7/23/14

Karen Kennedy Samoranos


The late Nancy D. of Susanville, California, who was a dear friend of mine, once told me the only beau a woman should consider marrying is a Catholic man. I’m not one to dispute Nancy’s advice, because my own husband was born and raised Catholic, a religious denomination I willingly converted to from Protestantism back in the early ’90s.

My conversation had less to do with faith, than a desire for the Church’s sanctioned eye-candy, the art galley feel in statuary and reproductions of old Saint standards. Even so, I was a bit confused by her statement, as I knew Nancy in full living color as a social liberal and women’s rights advocate. She embraced life, including companion animals—we both agreed our pets have souls—yet conversely supported a woman’s right to choose abortion, and in the tool of divorce, both as a means to control female personal destiny.

Nancy was a widow when we met through the Lassen Progressives web forum. I’m not sure if her general disinterest in men had to do with nostalgia for her late husband, Charles, or a dearth of attractive, intelligent liberals in a region stacked to the rafters with religiously conservative Republicans. You’d think she could at least find a nice church going man in rural northeastern California, where all the places of worship run the Christian gamut, and nothing else. Nancy purported to believe in a higher power, as she would reflect in her emails, “There definitely is a God…and She loves me.” 

Nancy was a registered Democrat married to a Republican, though in California, and especially for a man who enjoyed a career in the field of television broadcast journalism, we can assume that Charles D’s only resemblance to the GOP was that of a fiscal conservative. Being happily married to Nancy for many decades posits the idea that Charles, even as a Catholic, would have voted “no” on Proposition 8, that vile law designed to exclude another human being from ever joining in holy matrimony with their beloved of the same sex. Charles was buried in the last town of his employment—Eureka, California. When she passed, her body was transported to Eureka so she could rejoin Charles in corporeal slumber.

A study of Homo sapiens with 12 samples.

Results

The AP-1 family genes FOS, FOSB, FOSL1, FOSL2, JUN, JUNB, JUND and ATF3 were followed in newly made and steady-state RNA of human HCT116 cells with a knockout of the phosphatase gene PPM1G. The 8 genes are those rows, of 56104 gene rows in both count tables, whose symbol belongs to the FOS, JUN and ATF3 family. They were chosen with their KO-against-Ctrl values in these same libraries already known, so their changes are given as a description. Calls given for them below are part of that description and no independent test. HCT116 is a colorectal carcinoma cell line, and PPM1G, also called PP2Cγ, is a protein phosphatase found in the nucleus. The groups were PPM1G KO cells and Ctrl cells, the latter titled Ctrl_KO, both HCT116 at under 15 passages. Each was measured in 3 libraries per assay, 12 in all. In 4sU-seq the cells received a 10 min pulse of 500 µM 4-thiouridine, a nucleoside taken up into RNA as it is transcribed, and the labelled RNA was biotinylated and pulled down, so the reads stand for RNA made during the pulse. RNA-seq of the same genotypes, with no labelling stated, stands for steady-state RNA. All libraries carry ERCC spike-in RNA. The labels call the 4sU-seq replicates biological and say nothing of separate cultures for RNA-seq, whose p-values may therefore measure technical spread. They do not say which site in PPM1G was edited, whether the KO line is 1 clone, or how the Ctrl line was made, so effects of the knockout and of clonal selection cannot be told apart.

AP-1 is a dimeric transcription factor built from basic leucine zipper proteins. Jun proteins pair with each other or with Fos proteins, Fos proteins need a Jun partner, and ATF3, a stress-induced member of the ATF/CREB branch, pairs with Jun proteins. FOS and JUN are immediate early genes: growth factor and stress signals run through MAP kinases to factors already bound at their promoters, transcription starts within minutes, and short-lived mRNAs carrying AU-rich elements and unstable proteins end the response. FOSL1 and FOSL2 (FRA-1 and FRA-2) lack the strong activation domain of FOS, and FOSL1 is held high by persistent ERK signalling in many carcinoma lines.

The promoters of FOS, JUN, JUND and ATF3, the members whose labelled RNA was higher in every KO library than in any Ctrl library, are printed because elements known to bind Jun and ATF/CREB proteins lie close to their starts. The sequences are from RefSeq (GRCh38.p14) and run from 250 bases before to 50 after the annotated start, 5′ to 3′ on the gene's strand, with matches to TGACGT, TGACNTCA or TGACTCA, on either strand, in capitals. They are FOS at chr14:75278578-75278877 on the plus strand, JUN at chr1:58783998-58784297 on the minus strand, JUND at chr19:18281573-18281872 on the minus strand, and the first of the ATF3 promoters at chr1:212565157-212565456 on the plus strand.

Theirs was a love for the ages, always fresh, clean and pure, that death failed to truly part.

But…what if, your beloved partner dies quite suddenly? And as you’re clawing about for a handhold on life and sanity, you stumble across vicious proof that the world didn’t exist in exactly the way you’d blissfully believed for nearly thirty years?


I’ve used this scenario in my latest novel, The Secret Life of Richard McCoy (Secret Cravings Publishing, July 16, 2014). Richard McCoy, whom readers never actually get to meet—because he’d already passed away at the beginning of the novel—is a man of strange tastes and outrageous desires. He was never in conflict with his loving wife, Sally McCoy, as somehow Richard managed to hide his shenanigans for twenty-seven years.

Richard McCoy is insidious, not a bumbling fool like the late Dr. Norman J. Lewiston, a Stanford pediatrician who specialized in the field of cystic fibrosis. When Dr. Lewiston died quite suddenly at age fifty-two from a heart attack, his third wife, by means of a private investigator discovered all along she’d been sharing her man with wives number one and two. Apparently the good doctor was too lazy to submit the proper paperwork, or else he thought bigamy was more of state of mind, rather than a crime.

In The Secret Life of Richard McCoy, Sally not only recovers a part of her psyche that had been suppressed during marriage, she finds an inner strength, and a path to forgiveness, rocky as it may seem. Sally also find herself in a predicament, squarely between the attention of two men, both with secret pasts, and a third man who wants her dead.

Why did I bring the concept of the good Catholic husband into the forefront? Richard McCoy was a lifelong Catholic, immersed in sinful escapades he justified through social and economic entitlement.

But for the reader, The Secret Life of Richard McCoy is less about God’s forgiveness for the sinner, than about how a survivor of unrequited and unexposed deception learns how to forgive the evildoer in order to move forward in life, and eventually love.